One hard climb!
Another incredibly beautiful day dawned on the French-Swiss border again today and after a cheerful breakfast we looked at a possible course to ride in the morning. Will put together a 42 km route that included the brutal Category 1 climb up to Le Saleve that was used in this year’s Dauphiné Liberé race. After working out a route on a mapping website, he downloaded it to my GPS bike computer and showed me how to navigate with it. I have used the GPS for about a year and never used this function before but was impressed with how easy it was to use.
Brett and I headed down the road around 11 am, into the bright morning sunshine and soon found ourselves climbing the famous road, known also as the Col de la Croisette. We passed some lovely villages, well-tended and with elaborate flowers everywhere but the beauty of the scene was soon eclipsed by the extremely hard climb ahead. The GPS showed a series of tight hairpin turns and sure enough we soon were grinding our way along up them. I was glad that I had installed the new 28 tooth cassette since I was really using it today. And my new Look cleats were working well too, so it was just a matter of trying to keep up with Brett, which was no easy feat. At least the cyclist struggling behind me soon disappeared from view as I continued to open up the gap on him. The climb is apparently is the shortest Category 1 due to its extreme steepness.
Getting to the particularly steep sections, we saw that the road was painted over and over again with the name of a pro rider, Jerome Coppel. His family must have been very enthusiastic on that day since it was written everywhere. He turned 21 this year and joined the team Française de Jeux. You can read about him and even join his fan club at his website.
We reached the village at the top of the climb and took a well-deserved break, admiring the views of the massif that included the famous Mont Blanc. It was a gorgeous day and the scenery was breathtaking. We soon turned to the right and rode along the ridge, with views to the left of the snow-capped mountains and to the right the Jura and the broad valley leading to it. The road was in excellent condition and we stopped to watch paragliders, or cows and even chatted with a charming French lady walking her spaniel along the road.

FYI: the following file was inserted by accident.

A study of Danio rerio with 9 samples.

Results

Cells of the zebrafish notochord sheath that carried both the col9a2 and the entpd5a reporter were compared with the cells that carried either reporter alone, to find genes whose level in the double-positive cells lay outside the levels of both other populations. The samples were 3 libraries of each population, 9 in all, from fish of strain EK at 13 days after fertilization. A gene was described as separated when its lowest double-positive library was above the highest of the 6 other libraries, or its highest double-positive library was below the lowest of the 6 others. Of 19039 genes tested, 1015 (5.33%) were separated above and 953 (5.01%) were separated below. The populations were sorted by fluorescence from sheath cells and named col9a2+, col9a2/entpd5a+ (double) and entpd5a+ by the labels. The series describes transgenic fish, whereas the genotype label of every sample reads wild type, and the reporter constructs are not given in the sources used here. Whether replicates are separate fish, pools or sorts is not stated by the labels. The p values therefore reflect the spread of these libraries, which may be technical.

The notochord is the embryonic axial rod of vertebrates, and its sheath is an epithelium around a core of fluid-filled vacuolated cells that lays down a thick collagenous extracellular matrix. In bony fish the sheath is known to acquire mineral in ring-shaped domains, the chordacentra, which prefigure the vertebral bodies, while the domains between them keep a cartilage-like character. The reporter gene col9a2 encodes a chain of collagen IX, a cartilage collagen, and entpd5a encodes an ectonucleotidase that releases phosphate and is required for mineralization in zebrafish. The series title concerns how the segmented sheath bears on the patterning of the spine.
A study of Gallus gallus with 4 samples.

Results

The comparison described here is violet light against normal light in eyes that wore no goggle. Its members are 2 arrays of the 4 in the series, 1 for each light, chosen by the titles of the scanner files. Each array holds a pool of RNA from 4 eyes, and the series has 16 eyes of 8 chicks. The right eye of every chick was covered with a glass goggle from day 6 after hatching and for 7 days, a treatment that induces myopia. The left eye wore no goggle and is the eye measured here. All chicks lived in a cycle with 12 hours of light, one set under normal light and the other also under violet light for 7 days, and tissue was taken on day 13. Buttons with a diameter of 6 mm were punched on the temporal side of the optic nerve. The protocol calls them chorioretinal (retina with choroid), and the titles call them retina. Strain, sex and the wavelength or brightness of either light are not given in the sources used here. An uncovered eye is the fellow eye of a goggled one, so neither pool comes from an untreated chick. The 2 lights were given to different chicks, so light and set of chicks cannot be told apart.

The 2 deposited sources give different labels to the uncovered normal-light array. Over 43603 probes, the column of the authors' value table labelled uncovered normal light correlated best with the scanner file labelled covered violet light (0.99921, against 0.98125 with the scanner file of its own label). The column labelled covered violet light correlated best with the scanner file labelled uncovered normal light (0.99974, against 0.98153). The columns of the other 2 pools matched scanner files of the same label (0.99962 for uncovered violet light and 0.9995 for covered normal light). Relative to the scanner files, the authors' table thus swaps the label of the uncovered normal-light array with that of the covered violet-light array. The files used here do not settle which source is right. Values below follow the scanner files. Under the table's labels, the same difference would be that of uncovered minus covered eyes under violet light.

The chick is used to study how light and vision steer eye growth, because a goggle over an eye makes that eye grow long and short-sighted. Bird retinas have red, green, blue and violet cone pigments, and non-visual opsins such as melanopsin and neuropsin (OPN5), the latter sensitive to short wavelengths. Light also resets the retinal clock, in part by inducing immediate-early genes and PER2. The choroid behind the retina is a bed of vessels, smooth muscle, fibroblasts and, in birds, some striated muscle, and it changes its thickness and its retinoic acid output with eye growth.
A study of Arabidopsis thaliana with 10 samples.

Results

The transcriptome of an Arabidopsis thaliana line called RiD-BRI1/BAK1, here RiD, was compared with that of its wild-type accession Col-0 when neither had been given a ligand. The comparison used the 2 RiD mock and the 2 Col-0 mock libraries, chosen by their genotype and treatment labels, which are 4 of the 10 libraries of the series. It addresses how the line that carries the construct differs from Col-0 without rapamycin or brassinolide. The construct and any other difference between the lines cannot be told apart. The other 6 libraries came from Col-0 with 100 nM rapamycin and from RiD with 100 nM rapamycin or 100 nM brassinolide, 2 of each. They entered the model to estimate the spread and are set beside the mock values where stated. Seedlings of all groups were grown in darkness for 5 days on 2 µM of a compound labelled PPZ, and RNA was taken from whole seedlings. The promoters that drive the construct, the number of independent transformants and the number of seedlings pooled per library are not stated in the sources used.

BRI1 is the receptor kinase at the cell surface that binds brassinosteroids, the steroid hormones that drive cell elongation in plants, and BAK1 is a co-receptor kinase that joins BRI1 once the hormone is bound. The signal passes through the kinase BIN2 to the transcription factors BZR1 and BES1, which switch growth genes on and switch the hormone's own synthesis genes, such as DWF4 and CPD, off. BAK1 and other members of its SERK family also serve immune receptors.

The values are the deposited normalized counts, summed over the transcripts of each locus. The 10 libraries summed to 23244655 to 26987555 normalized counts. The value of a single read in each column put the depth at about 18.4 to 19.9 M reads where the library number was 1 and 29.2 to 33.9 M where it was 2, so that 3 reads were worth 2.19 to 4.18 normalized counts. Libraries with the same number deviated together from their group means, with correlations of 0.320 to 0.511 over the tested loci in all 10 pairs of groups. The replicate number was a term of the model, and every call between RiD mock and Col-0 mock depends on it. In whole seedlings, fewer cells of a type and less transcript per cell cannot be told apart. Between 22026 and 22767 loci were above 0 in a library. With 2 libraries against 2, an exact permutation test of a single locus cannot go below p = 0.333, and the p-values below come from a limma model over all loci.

Turning towards the Jura we passed a fantastic four-star hotel that looked like a castle and soon had an enjoyable descent down into the valley, although by not paying quite enough attention to the GPS we missed a turn and had to backtrack a bit. Then we followed the GPS exactly and it led us into a highway construction site and someone drove down to tell us to get out. I still have to find out what a “chantier” is but I will not go into one again!
Without any further detours, we soon found our way back to the start, exactly as indicated by the GPS. It was one of the most spectacular rides imaginable, although less than 50 kms, and we had some excellent climbing practice, adding some 1100 vertical meters to our tally this year.
It was party time as the participants of the Tour d’Enfer assembled for a big barbecue at Will’s and we all had the chance to meet each other for the first time. There are eighteen riders, including two Canadians from Canada, and two from the Geneva area, three Germans, Americans from Washington State and Washington DC and Berlin, and an Australian, also residing in Geneva. Everyone had a great time enjoying Doreen and Will’s hospitality, and after we discussed logistics and admired our new cycling jerseys, I was given, as Chief Disorganizer of the Tour, a book on the Route des Grande Alpes as well as a custom-made model of my Tarmac. This was incredibly thoughtful and I am looking forward to a great ten days riding with everyone.